It make sense to use entity names for describing <a> as per shown below code.

<!doctype html>
        <title> My First Webpage</title>
        <meta charset="utf-8" />

As per this w3link, I am not sure,

Why would I require entity names to specify/type characters like ¥ ¢ © ® , when the above code already supports utf-8

        <meta charset="utf-8" />

standard where these characters are part of the Unicode planes?

  • 8
    Who said it is required? – Oded Feb 19 '15 at 11:37
  • What if your <meta> tag lies, because your website admin doesn't know that you use UTF-8? – kdgregory Feb 19 '15 at 15:40

Those entities were created in the first place for two reasons:

  • Originally, UTF-8 wasn't that ubiquitous: many HTML files were stored using other encodings which easily led to problems when you had to use special characters. By using HTML entities, you were sure they are displayed correctly, no matter what encoding you use.

  • Those entities make it easy to add them to a page without having to remember the Unicode identifier. What's faster among the following alternatives:

    1. To type &copy; in your favorite editor,
    2. To type &#169; or &#x00A9; (the second representation may not be supported in older browsers),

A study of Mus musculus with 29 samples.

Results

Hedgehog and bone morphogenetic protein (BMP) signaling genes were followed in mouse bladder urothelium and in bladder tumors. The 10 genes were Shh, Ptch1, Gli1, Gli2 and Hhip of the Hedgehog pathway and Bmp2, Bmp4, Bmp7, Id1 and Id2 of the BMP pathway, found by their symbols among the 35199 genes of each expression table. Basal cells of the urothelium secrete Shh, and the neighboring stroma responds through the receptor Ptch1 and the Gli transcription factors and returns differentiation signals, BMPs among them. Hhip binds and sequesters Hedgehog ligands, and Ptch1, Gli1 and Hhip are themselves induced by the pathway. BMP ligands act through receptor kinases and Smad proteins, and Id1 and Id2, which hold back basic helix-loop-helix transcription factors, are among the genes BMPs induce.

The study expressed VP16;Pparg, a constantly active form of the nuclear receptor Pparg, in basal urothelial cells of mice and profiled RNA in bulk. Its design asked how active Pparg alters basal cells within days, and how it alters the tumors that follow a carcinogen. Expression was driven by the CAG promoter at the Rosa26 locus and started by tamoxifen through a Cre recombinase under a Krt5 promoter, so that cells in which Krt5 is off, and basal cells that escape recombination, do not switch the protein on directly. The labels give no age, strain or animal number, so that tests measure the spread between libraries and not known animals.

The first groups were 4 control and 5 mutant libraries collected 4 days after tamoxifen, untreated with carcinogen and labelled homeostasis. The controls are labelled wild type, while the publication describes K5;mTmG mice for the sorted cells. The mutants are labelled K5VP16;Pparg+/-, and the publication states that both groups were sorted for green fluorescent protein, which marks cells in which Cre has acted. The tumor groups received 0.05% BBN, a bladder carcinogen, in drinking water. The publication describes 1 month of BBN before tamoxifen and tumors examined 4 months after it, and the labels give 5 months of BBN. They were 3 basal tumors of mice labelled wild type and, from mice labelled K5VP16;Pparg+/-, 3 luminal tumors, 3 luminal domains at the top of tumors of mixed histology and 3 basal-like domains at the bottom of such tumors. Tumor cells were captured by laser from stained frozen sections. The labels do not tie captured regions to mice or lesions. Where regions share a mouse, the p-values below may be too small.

3. To type Alt+169,
    4. To run charmap and search for the "©" character,
    5. To open a random web page hoping it will contain the copyright symbol in its footer and copy-paste it.

    Obviously, the third one is the fastest, and obviously, every developer remembers that 169 is the decimal representation of the Unicodde © symbol, as everyone remembers the codes corresponding to the quotes “”, mid-dots ·, and a few dozen or hundred of other useful symbols. The second alternative has the same issue.

    Which keeps us with three other alternatives. The fourth one takes time. The fifth one may be a bit faster, but still not as fast as typing &copy;.

While the first reason may be a bit obsolete, the second reason is still valid. This being said, using Unicode characters instead of their HTML representations is a perfectly valid choice and has in turn two benefits:

  • Readability. If I don't know which code corresponds to which symbol, maintaining HTML full of HTML entities won't be easy.

  • Size. Shorter HTML means less bandwidth used. Very probably, it doesn't make too much difference, but still.

  • In java files, we use \uxxxx notation to specify Unicode characters to avoid your third and fourth option.in html do we have such facility? – overexchange Feb 20 '15 at 3:43
  • @overexchange: yes; I edited my answer, see point 2. For instance, for the copyright symbol, you can use &#169; or &#x00A9;. – Arseni Mourzenko Feb 20 '15 at 4:00
  • So, Why concept called entity number or entity name is introduced for only characters ¥ ¢ © ® when you are fine to represent Unicode encodings &#x00A9 for a character like ¢. We would require entity name concept only characters like < or > because the parser that parses my html file could not differentiate the html tag and text. – overexchange Feb 20 '15 at 9:17

The simple answer is: you don't need HTML entities for anything other than "&" (ampersand), single/double quotes, "<" and ">". The other HTML entities are optional, not required.